ACCC chair calls on advertising industry to consult on digital platforms inquiry report
- 01 March, 2019 10:06
ACCC chairperson Rod Sims
The Australian Competition and Consumer Commission (ACCC) has called on Australia’s advertising industry to further collaborate on its inquiry into the impact digital goliaths such as Facebook and Google are having on the nation’s media ecosystem.
In a speech delivered earlier this week to attendees of an Australian Association of National Advertisers (AANA) and ThinkTV event, ACCC chair, Rod Sims, pointed out more than $0.68 in every advertising dollar in Australia is now going to Google and Facebook, transforming the very nature of the nation’s media landscape.
“The reality is quite simple: In digital advertising in Australia, Google and Facebook dwarf others,” he told attendees.
“Being big is not a sin. Australian competition law does not prohibit a business from possessing substantial market power or using its efficiencies or skills to outperform its rivals. But the dominance held by Google and Facebook in certain markets, plus the incentives they face, does mean their conduct should be subject to particular scrutiny to identify whether it is creating competitive or consumer harm.”
The comments follow the release of the ACCC’s preliminary Digital Platforms Inquiry report in December, which is open for feedback until June. Among the recommendations are calls for more regulatory authority to investigate, monitor and report on how both players are dominating news content and advertising services, along with how consumer data is being captured and used by these companies.
The report itself paints a concerning picture of how Google and Facebook are transformation Australia’s news and advertising. For example, the watchdog warned consumers are in danger of winding up in a news filter bubble riven the range and reliability of news made available to them by these platforms.
The ACCC has also expressed concern with the amount and variety of data being collected on Australian consumers, plus complexity and ambiguity of online terms of service and privacy policies.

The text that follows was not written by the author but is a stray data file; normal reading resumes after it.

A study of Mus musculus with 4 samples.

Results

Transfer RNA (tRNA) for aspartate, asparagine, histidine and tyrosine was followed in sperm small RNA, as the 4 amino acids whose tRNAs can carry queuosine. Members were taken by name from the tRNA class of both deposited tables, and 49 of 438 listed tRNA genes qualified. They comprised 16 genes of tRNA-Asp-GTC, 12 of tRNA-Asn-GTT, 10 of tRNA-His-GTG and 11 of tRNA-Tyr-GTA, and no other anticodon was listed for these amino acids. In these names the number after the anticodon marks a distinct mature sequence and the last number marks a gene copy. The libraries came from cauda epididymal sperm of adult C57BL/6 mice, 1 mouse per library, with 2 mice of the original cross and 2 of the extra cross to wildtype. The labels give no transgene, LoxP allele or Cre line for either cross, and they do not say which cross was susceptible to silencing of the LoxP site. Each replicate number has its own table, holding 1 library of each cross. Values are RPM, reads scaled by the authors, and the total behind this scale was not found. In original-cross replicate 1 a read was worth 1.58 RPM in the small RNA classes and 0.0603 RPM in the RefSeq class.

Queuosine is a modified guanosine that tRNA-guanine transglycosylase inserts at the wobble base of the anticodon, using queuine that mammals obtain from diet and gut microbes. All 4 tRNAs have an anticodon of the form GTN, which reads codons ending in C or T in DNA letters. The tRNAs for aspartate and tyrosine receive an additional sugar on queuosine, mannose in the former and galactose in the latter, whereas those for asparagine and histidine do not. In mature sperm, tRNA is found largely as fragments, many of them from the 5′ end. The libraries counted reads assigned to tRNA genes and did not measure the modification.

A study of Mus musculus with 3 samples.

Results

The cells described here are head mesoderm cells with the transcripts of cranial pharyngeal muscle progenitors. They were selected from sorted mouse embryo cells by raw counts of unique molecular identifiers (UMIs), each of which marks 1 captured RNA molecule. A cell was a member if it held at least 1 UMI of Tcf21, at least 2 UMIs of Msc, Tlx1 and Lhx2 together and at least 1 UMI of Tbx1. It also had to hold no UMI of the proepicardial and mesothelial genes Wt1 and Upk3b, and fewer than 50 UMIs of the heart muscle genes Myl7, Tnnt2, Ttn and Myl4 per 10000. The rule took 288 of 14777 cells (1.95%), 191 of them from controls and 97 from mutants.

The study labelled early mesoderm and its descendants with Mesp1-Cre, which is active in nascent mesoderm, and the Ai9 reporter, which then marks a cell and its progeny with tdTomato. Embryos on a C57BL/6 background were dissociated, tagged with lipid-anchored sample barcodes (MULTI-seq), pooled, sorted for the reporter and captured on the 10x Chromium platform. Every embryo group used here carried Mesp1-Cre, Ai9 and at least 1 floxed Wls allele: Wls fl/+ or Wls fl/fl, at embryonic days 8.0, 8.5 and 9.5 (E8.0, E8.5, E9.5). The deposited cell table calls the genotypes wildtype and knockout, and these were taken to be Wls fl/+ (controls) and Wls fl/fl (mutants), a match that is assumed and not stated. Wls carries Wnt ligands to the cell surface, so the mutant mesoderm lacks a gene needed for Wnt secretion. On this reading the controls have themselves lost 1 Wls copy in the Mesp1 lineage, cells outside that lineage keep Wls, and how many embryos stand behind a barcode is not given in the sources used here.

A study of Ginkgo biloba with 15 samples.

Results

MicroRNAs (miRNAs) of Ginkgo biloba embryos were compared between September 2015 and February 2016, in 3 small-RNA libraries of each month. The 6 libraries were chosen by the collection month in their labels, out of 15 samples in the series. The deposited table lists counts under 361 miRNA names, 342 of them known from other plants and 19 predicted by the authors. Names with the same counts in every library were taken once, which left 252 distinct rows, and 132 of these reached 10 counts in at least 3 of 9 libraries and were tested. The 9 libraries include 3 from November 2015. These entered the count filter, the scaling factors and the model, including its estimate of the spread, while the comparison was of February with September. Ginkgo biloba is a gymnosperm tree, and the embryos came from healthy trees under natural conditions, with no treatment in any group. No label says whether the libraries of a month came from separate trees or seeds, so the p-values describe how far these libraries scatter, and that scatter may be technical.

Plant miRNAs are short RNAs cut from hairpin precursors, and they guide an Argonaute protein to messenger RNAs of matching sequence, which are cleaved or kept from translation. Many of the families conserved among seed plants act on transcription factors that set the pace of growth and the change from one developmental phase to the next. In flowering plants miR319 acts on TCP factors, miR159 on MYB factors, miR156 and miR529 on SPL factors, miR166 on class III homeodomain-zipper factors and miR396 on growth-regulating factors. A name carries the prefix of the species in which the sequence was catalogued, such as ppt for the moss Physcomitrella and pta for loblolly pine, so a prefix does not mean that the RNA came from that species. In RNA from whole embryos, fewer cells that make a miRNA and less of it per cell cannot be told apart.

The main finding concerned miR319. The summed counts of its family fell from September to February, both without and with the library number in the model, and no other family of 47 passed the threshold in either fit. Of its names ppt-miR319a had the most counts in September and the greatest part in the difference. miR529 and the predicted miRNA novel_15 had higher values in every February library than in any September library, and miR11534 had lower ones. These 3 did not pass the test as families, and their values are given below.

On the advertising and supply front, the ACCC is also concerned about the extent to which Google and Facebook favour their own interests and can reward businesses maintaining existing commercial relationships with their platforms.
In his speech, Sims noted the inquiry is examining issues concerning the pricing of intermediary services, such as the cut of the amount paid by the advertiser for the ad impression – a practice seen as opaque. The ACCC estimates this is between 30 and 75 per cent of the final price paid for ads and is now exploring whether transparency is adequate.
“It is important we better understand the issues with the adtech supply chain because a lack of transparency means that advertisers do not know what they are paying for, where their advertisements are being displayed, and to whom,” Sims said.
“Higher advertising prices ultimately translate to higher prices for consumers for products and services.”
Sims also said the lack of clarity around adtech was disadvantaging online media businesses and their ability to monetise their premium content via advertising opportunities.
“We have not yet reached a view on these issues and we are continuing to examine the adtech supply chain to understand better how it works and how this impacts advertisers,” Sims continued. “It is important for the ACCC to better understand the issues with the adtech supply chain because a lack of transparency means advertisers do not know what they are paying for, where their advertisements are being displayed, and to whom.”
What’s more, there’s clear disconnect around advertisers verifying whether the ads they purchase are show to their target audience when purchased from Google and Facebook, with both platforms lacking third-party verification. This also leads to ad fraud, which is estimated by some to cost global advertisers US$7.2 billion.
The warning is a highly apt one, coming as both Australian and international advertisers suspended advertising on Google’s YouTube platform after paedophilia content was found on the video streaming platform. The content has led to allegations YouTube has facilitated paedophiles’ ability to connect with each other, trade contact info, link to child porn in comments and monetise their efforts.
Yet in its submission back to the ACCC, both Google and Facebook have rejected a number of the findings. Both for example, don’t believe an algorithm regulator would lead to higher quality search results or promote journalism. Facebook has also disputed that any regulatory change would help to sustain journalism in Australia.
As Sims noted, in any given month, 17 million Australians are watching content on YouTube, 17 million are accessing Facebook and 19 million are using Google search.
“With an audience of this size, digital platforms are a primary channel for businesses looking to reach Australian eyeballs and more importantly, their wallets,” Sims said. “This is why this inquiry is important for Australian advertisers, and we welcome feedback from everyone with an interest.”